The 27th of January is the International Holocaust Remembrance Day, namely, a memorial day that commemorates all the victims of Holocaust – or “Shoa”, as many Jewish people prefer, since the former means “sacrifice” whereas the latter means “catastrophe”, “devastation”, referring to the genocide of European Jews between 1941 and 1945 committed by Nazi Germany and some of its allies.
Fortunately, some people survived the concentration camps, so they could share their stories with others. Thanks to their witnesses, everyone was able to know what happened in Auschwitz, Buchenwald, Dachau, and other concentration camps. Some of the survivors also wrote books, poems, diaries, so that the later generations could be aware of this dark piece of human history.
Italian Jew Primo Levi was 24 years old when he was deported to Auschwitz. He survived thanks to his knowledge as a chemist, as the Nazis needed someone to work in a lab. There, he was saved from the low temperature of polish winter, and the gruelling physical work. In 1946, after the liberation of concentration camps, he wrote “If this is a Man” (Se questo è un uomo), describing the atrocities he and the other deportees had to undergo.
In 1986, one year before his death, he published “The Drowned and the Saved” (I sommersi e I salvati), an essay where he elaborated a theory of moral philosophy. Here, Levi reflects on how illusory are the notions of “Good” and “Evil”, since no man is a saint nor a demon. Rather, human beings are more complex. Indeed, most of the time, there is an indefinite, grey zone, made of all those that are oppressed and oppressors at the same time. In some way, Levi’s theory is similar to Hannah Arendt’s ideas that are explained in her book “The banality of Evil”.
Who belongs to the grey zone? Inside the concentration camp, all the prisoners who were cooperating with the Nazis, those that instead of supporting the other deportees, were fighting against them, or killing them. This is the case of Sonderkommandos, i.e. prisoners who had the duty to kill other prisoners in gas chambers and bring them to crematoria; or for instance those who were chosen to become Kapos, and had the privilege of punishing the prisoners if they were not working well.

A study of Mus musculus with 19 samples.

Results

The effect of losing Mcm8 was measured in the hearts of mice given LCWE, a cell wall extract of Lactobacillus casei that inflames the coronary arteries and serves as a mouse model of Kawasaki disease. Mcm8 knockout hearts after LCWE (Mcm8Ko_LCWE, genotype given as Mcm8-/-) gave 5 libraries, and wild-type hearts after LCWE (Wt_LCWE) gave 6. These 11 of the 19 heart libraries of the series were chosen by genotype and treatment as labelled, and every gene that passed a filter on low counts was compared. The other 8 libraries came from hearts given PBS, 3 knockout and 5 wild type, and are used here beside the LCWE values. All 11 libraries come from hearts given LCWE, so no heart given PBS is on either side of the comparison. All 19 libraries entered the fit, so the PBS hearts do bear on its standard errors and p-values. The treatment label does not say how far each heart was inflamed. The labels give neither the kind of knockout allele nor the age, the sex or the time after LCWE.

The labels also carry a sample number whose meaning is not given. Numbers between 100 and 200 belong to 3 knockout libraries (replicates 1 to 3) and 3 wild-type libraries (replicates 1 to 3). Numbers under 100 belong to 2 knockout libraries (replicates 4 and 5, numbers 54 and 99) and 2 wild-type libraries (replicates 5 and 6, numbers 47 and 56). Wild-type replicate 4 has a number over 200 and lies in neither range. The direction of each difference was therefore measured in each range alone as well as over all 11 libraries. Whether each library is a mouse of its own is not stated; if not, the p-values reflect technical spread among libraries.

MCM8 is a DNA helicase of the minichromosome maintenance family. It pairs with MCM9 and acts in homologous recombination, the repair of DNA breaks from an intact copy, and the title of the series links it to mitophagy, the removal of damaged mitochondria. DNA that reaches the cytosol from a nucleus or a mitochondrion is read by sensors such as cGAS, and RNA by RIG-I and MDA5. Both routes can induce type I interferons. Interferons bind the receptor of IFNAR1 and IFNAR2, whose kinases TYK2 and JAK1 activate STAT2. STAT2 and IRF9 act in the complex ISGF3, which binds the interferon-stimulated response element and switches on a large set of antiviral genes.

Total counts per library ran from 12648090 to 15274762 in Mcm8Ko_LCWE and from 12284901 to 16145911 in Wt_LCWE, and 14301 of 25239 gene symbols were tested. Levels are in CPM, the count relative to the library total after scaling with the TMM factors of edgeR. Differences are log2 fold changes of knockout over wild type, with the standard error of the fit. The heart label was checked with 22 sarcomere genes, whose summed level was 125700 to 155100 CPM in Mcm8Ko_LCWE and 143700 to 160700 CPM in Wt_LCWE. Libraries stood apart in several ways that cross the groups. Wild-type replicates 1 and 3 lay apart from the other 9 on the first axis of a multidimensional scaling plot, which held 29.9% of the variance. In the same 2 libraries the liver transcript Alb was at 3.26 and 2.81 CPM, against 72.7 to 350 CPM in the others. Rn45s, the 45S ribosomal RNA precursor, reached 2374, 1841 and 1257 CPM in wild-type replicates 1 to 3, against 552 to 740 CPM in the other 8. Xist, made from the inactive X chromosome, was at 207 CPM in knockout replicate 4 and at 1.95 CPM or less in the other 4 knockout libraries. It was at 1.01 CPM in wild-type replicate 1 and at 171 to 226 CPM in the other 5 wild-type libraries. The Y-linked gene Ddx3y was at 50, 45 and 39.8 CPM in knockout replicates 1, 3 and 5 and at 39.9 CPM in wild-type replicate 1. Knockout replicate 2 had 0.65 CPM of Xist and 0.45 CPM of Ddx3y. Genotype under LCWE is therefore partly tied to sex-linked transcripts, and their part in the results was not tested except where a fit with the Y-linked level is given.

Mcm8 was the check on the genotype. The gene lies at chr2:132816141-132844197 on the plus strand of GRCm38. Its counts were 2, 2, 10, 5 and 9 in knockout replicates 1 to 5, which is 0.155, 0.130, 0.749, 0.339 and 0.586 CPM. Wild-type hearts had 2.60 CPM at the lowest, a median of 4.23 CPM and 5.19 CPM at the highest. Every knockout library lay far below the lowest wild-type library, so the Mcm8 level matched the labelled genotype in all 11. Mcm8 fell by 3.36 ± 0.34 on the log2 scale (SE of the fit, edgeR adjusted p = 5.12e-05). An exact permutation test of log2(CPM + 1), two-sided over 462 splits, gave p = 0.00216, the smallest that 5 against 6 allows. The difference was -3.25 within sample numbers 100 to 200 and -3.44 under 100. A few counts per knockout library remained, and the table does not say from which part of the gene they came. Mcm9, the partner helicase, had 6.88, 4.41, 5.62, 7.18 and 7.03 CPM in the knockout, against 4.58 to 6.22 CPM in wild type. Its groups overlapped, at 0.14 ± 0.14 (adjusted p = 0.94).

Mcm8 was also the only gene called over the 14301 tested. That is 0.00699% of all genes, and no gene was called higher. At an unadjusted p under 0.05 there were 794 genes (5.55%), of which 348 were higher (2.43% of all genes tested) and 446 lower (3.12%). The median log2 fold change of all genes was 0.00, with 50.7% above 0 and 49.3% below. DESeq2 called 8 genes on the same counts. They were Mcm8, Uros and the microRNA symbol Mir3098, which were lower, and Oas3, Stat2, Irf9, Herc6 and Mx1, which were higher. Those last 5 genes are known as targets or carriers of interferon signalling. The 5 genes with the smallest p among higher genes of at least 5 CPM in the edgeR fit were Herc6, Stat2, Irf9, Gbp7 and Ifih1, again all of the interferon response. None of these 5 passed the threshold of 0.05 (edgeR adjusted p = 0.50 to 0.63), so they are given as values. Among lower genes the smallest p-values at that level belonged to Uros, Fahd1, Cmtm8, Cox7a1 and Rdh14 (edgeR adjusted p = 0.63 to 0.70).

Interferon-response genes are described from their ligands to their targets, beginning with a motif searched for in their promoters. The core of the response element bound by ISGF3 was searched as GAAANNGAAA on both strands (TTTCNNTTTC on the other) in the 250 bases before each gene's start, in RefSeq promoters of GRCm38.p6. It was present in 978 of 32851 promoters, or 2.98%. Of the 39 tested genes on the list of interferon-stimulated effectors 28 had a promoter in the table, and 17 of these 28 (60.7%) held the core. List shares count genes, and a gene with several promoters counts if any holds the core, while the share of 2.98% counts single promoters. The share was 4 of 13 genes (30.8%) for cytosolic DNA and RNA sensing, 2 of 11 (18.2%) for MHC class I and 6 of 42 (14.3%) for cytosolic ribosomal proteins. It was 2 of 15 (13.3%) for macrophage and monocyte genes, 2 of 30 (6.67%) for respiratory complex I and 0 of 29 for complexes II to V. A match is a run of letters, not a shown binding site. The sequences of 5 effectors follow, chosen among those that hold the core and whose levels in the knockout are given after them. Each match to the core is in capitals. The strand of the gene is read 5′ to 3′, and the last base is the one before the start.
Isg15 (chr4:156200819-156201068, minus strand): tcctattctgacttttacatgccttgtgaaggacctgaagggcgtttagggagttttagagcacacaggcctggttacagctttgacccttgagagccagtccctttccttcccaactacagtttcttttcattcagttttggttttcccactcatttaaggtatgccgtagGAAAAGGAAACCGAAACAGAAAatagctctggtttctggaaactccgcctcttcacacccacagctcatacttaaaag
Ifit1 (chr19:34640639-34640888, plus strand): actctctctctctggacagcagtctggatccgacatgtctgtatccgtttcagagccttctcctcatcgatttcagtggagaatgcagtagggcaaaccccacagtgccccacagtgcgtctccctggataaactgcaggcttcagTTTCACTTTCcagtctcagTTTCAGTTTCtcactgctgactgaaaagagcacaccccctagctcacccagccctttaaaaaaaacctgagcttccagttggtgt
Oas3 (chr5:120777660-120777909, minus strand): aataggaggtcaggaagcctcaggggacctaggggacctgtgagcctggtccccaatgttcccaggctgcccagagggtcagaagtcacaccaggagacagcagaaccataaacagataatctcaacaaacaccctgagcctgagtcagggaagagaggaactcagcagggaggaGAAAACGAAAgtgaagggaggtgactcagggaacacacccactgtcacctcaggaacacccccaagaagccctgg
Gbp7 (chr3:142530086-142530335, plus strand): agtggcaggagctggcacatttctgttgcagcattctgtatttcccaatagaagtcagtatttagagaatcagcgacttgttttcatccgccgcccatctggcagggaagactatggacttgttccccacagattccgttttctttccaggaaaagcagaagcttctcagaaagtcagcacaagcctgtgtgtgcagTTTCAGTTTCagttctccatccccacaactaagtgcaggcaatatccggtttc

Primo Levi himself became a co-operator, when he was transferred to the chemistry lab. In a chapter of “The Drowned and the Saved”, he said that after coming home he started feeling shame, because he survived, while many people died. In fact, when one day an old friend visited him, and claimed that Levi was saved from God, he denied that. As he wrote:
I could be alive at another man’s place, at another man’s expense — I may have supplanted, in fact killed. The "saved" of the Lager were not the best, the ones predestined for good, the bearers of a message: what I had seen and experienced proved the exact opposite. They survived to prefer the worst, the selfish, the violent, the insensitive, the collaborators of the "grey zone", the spies.
According to Levi, the grey zone is proper of human nature. Inside the concentration camps, where people were put under extreme conditions, every behaviour, reaction, and decision was also extreme, of course. However, in a normal situation, like our daily life, it is easy to find several examples of collaborators of the grey zone. In fact, the grey zone is made of all those men who use their little power, when they have it, to harm people who lie, hierarchically speaking, in a lower position. Or those who are indifferent to others being worse off, and do nothing to help because they want to keep their privilege. We can meet them everywhere and in any situation: at work, at school, in the street, on the social media.
P. Levi, Se questo è un uomo, Edizione speciale per Famiglia Cristiana San Paolo, 1989
P. Levi, I sommersi e i salvati, Einaudi, Torino 2007.
H. Arendt, La banalità del male- Eichmann a Gerusalemme, Feltrinelli, 1964.